Sunday 6 April 2014

Planning a model railway layout: an observation.

The reason why I've devoted so much time to sorting out the townscape and what you might call scenery, rather than getting down to getting the trains to run, is a matter of access.

It has been necessary to begin with the installation of buildings, street furniture and lights, along with their associated wiring, because they are situated against the wall at the back of the layout. One has to lean over the baseboard to reach them and if I'd started at the front of the layout I'd have been leaning over the things there and almost certainly bending, nudging out of position or even breaking them

There was no alternative to my having the layout located up against the wall; but if anyone has the choice, then in terms of access, a layout is best in the middle of a room.

One solution would have been to have the baseboard on legs with retractable castors - but too late for that now.

Something like this.
Currently listening to:

Another day of Hoagy Carmichael:

Last night's dinner:

Run out of books to read - very frustrating.
Currently reading:

Trying to spend the first 90 minutes of each day reading about the philosophy of substances and properties. All of this has been done online using the Stanford Encyclopedia of Philosophy. I have two reservations about doing this:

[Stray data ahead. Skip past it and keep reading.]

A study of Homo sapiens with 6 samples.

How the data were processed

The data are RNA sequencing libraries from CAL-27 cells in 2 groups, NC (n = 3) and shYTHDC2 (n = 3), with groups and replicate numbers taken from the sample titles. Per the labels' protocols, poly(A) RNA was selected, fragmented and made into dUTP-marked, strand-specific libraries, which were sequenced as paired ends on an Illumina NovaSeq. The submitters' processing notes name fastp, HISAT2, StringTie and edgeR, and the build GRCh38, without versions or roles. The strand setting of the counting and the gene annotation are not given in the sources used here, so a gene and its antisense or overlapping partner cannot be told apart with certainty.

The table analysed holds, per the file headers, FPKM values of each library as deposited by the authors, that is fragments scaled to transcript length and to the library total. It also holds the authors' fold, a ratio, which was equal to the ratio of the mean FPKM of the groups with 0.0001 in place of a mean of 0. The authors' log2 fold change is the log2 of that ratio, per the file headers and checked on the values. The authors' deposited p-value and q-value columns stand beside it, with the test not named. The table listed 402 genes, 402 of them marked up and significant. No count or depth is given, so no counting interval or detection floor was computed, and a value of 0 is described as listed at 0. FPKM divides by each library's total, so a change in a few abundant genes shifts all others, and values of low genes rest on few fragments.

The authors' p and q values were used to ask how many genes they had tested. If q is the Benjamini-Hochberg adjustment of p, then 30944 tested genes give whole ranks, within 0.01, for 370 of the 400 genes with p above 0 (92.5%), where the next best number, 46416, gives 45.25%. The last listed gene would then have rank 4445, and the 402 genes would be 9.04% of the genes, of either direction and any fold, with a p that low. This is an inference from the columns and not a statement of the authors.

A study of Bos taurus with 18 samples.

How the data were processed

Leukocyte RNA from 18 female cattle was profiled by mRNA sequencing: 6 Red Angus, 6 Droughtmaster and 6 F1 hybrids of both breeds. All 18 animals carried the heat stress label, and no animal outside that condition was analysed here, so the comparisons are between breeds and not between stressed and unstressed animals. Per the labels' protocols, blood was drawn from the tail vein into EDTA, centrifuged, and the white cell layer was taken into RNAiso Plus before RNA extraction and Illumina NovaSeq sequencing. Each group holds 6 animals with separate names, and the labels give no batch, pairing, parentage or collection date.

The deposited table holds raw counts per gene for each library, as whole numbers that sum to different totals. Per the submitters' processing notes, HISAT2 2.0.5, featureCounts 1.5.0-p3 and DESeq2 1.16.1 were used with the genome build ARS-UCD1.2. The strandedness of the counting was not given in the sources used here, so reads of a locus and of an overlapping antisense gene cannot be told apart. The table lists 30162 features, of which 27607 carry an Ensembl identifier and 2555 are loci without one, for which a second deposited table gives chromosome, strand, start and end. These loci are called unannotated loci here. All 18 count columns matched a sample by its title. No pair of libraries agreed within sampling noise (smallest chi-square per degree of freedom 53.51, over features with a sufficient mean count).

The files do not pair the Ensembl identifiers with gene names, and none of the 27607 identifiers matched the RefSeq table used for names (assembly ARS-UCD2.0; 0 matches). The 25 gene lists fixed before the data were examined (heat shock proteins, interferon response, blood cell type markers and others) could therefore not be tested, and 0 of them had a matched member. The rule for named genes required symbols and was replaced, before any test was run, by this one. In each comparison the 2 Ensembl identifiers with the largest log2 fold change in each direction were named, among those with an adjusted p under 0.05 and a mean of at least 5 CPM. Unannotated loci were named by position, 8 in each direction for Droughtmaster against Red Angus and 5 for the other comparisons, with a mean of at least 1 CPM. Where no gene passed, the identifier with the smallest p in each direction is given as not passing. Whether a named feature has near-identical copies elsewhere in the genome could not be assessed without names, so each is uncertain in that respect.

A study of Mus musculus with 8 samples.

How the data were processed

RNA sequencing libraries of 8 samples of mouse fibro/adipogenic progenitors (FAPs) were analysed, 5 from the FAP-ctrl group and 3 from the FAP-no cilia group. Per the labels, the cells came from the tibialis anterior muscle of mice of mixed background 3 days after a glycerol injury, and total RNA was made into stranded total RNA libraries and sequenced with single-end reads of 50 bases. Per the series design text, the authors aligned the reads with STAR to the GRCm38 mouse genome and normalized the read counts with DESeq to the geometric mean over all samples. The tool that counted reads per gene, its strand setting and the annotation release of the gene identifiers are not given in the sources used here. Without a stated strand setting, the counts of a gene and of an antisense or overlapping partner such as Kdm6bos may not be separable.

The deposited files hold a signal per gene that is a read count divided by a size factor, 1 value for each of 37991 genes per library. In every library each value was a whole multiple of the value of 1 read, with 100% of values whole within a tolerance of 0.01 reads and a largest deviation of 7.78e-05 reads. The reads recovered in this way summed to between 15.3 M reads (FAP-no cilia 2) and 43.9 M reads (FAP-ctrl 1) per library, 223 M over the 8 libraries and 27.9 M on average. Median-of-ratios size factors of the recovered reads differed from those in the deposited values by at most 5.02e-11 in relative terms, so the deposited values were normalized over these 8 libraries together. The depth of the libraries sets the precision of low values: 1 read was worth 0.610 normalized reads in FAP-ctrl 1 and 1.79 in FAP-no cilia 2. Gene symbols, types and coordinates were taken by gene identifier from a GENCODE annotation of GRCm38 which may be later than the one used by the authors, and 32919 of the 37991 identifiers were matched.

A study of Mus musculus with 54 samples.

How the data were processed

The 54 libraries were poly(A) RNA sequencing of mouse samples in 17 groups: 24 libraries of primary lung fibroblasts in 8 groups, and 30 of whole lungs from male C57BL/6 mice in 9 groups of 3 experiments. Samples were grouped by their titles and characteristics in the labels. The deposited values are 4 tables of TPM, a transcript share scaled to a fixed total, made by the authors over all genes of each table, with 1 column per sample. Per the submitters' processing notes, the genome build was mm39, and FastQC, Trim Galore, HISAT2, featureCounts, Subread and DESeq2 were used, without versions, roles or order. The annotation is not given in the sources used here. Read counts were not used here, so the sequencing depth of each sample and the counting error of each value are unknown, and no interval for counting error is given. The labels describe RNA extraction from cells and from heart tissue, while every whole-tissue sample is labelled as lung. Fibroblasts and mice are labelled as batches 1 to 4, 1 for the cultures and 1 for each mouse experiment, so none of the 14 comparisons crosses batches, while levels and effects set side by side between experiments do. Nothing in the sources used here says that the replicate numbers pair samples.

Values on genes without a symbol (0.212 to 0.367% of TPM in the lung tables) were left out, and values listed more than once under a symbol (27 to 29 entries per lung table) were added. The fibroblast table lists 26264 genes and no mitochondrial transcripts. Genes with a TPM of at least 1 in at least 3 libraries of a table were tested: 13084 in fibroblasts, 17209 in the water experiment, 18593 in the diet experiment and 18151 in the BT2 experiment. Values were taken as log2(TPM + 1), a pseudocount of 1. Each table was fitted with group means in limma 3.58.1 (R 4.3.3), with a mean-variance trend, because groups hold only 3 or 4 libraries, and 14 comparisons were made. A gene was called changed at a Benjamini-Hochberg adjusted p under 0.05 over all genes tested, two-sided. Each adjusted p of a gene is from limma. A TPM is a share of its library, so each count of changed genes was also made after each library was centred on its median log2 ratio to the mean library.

1) surely authors lose out when their stuff  is available gratis to all and sundry.

2) is staring at a screen for so long not bad for the eyes?

This is the Stanford Online logo.

Cycled into the centre of Glasgow for a viewing of David Lynch's 2001 film, Mulholland Park.

Had hardly left home when I saw this beautiful old Alfa Romeo Spider parked at the side of the road.

But,it's not as stylish as this Spider from an even earlier epoch.


Decided to use the facilities before settling down for the two and a half hours of Mulholland Drive.

And was utterly baffled as to where the hand driers were.

They were in fact installed behind the mirror.

The film was preceded by a brief and fatuous introductory talk.

The film was DYNAMITE.

Without understanding any of it, I was gripped from beginning to end.  I can testify that it was one of the greatest cinematographic experiences of my life. Sheer perfection. Glad I saw it before I died. Naomi Watts was sensational.

I was actually shaking as I cycled home in the unexpected daylight that greeted me on leaving the cinema; a hardly unexpected spin-off of going to the cinema in the afternoon, I suppose.